Here’s the scary thing about financial New Year’s resolutions: Failing is expensive.
Botching a pledge to “get credit card spending under control,” for instance, isn’t just a minor goof. It could mire you in high-interest debt or hurt your retirement savings. If you really want to get your finances into shape, you first need to get specific about your goals.
That’s where your credit card’s online tools can help.
If your resolution is ‘Spend less’
To prevent overspending, zero in on the flabbiest parts of your budget. Many issuers’ sites let you see your spending as a pie chart. You’ll usually find it tucked behind a tab or link titled “Tools” or “Spending Summary.” The chart shows how much you’ve spent in the past year in categories tracked by the issuer, such as groceries, gas, restaurants and so on. It also shows your spending in each category as a percentage of your total spending.
How credit card tools can help: Seeing your spending distilled in pie chart form might just make you step back and say, “Whoa, I spent $10,000 at department stores last year?” Realizing weaknesses like these in your spending habits can help you shape a better budget for 2017.
Instead of resolving to spend less money, try zero-based budgeting. That is, start with a budget of zero, and add only the expenses you can justify. This approach can help eliminate unnecessary spending altogether, rather than just reduce it.
» MORE: How to build a budget
If your resolution is ‘Pay down debt’
The Federal Reserve might raise interest rates three times in 2017, according to Fed projections. That could make your credit card debt more expensive. If you’re in the red, make a plan to pay down your balances this year. A good first step is to use your credit cards’ online portals to check your balances and interest rates.
How credit card tools can help: Your credit card portal will tell you exactly how much you owe and on what terms. To check the annual percentage rate on a card, look for a tab with a label like “Limits, Payments and Rates” or “Terms and Agreements.” Or download a monthly statement; the APR will be listed there. Generally, you’ll save more money if you pay down your highest-interest balances down first.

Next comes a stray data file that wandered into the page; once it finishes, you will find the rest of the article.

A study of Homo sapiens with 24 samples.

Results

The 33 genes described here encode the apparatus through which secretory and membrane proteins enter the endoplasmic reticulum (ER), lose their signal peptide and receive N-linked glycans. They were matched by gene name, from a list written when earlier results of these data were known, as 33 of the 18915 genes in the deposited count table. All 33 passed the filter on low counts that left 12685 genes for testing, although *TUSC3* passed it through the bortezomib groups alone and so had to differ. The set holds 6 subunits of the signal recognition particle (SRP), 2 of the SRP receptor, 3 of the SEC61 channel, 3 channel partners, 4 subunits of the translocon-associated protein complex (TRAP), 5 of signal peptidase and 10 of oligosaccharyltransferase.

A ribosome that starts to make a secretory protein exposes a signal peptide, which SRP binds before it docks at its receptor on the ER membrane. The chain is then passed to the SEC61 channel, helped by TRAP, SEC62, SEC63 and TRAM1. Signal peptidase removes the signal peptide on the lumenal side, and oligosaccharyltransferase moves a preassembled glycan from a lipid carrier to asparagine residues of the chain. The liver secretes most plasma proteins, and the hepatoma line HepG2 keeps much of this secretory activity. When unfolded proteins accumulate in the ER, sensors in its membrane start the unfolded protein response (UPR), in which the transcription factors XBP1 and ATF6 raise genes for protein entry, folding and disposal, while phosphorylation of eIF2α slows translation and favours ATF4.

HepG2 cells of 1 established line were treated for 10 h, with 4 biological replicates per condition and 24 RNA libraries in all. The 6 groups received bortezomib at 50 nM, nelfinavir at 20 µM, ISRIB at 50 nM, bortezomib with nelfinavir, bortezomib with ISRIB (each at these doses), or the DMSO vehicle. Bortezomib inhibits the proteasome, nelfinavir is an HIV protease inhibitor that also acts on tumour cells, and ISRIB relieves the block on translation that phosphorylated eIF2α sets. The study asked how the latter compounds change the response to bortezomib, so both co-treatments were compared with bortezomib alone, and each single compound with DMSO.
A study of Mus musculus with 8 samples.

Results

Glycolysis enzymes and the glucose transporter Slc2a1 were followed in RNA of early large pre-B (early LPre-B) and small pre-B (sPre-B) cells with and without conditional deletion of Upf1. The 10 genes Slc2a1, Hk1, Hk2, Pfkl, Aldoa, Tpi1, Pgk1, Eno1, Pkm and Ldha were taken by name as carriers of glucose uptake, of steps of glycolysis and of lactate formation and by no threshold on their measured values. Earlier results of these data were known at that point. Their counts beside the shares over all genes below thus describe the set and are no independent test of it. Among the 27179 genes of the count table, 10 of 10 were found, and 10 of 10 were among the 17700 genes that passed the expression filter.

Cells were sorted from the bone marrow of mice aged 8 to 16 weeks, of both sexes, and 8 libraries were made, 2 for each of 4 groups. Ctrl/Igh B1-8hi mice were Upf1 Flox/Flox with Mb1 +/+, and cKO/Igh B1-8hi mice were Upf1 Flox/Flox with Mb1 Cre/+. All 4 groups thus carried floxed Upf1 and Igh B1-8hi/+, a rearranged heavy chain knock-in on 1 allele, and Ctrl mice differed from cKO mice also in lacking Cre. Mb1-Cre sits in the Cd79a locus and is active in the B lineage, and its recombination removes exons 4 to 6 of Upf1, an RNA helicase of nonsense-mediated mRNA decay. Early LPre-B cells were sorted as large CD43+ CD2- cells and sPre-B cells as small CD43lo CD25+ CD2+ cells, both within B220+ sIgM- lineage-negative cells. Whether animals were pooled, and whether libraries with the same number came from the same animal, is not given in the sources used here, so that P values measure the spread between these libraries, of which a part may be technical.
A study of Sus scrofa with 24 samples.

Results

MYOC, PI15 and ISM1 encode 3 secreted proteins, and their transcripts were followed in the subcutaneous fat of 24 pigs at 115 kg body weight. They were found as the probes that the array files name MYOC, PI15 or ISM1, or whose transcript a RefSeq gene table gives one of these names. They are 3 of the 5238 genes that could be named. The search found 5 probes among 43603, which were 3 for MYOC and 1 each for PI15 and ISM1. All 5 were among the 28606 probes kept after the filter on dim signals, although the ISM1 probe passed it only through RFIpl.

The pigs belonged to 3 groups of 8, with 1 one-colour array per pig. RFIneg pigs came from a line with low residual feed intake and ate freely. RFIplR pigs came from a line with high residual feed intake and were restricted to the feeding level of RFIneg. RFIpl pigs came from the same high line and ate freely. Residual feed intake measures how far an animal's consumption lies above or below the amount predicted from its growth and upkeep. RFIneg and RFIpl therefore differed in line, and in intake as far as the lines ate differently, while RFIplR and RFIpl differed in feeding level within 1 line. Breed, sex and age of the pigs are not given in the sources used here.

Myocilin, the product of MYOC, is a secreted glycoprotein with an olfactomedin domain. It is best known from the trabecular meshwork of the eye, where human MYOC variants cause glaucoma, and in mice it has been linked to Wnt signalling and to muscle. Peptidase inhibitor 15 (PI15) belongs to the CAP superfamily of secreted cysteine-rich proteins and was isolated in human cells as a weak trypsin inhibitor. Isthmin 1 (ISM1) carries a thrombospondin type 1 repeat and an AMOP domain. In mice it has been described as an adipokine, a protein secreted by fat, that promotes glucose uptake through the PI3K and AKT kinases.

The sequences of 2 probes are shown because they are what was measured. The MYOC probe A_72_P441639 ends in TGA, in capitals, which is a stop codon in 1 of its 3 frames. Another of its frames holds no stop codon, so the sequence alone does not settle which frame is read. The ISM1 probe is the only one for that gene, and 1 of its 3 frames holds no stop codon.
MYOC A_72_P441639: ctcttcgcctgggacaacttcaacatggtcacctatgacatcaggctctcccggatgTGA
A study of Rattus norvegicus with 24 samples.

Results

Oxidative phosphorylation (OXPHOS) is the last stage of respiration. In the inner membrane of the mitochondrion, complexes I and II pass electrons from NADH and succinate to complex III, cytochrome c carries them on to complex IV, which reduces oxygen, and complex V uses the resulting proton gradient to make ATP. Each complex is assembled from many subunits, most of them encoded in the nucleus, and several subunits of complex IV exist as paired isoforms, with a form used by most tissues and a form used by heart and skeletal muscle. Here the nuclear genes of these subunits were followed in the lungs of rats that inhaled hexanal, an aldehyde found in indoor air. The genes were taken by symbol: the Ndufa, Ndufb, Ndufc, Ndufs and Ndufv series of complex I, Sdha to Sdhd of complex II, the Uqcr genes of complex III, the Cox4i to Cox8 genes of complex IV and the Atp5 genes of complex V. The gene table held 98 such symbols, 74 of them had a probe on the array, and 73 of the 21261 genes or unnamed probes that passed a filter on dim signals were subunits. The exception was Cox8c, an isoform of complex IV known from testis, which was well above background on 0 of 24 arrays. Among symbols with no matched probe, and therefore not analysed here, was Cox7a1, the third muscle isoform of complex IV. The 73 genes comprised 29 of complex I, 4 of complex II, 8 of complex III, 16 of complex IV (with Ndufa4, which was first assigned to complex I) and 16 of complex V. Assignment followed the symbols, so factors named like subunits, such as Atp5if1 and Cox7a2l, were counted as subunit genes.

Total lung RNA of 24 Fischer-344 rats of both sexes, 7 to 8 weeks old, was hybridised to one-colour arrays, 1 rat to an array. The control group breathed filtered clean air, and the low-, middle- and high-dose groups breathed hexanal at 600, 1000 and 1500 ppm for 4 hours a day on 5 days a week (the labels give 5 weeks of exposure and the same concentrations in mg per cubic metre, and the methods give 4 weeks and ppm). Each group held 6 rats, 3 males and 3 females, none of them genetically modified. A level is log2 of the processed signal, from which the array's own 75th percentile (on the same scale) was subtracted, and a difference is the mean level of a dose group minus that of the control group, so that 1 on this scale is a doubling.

You may want to consolidate as much of your debt as possible on a 0% balance transfer APR card, if you can qualify for one. This can help you pay down your balances faster, for less money. If one of your issuers offers a debt pay-down calculator, use it to calculate how long it will take you to become debt-free, based on your current monthly payments.
» MORE: How to pay off debt
If your resolution is ‘Get organized’
If your pocketbook is overflowing with credit cards you never use, consider New Year’s your opportunity to straighten up. Although it’s generally good idea to keep dormant accounts open because your credit may benefit, it becomes a bad idea when there are annual fees involved. If a card you don’t use charges an annual fee, either convert it to a no-fee account or close it.
As long as you’re not about to apply for a mortgage or auto loan, the temporary hit to your credit from closing such cards likely won’t affect you much. Just make sure you’ve logged onto your account and tied up all your loose ends first.
How credit card tools can help: Calling it quits with your plastic usually means forfeiting rewards, such as points, miles or cash back. Before closing an account, check your rewards balance to make sure you’re not giving up a small fortune. If you have leftover rewards, redeem what you can. If that’s not possible, consider making a donation.
Finally, move recurring payments to other cards or cancel them. Until you formally cancel an unwanted subscription, you’re still on the hook for payments. Start by sorting through your credit card purchase history to jog your memory about any forgotten subscriptions. After moving or canceling your recurring charges, you’ll be able to close your account with confidence.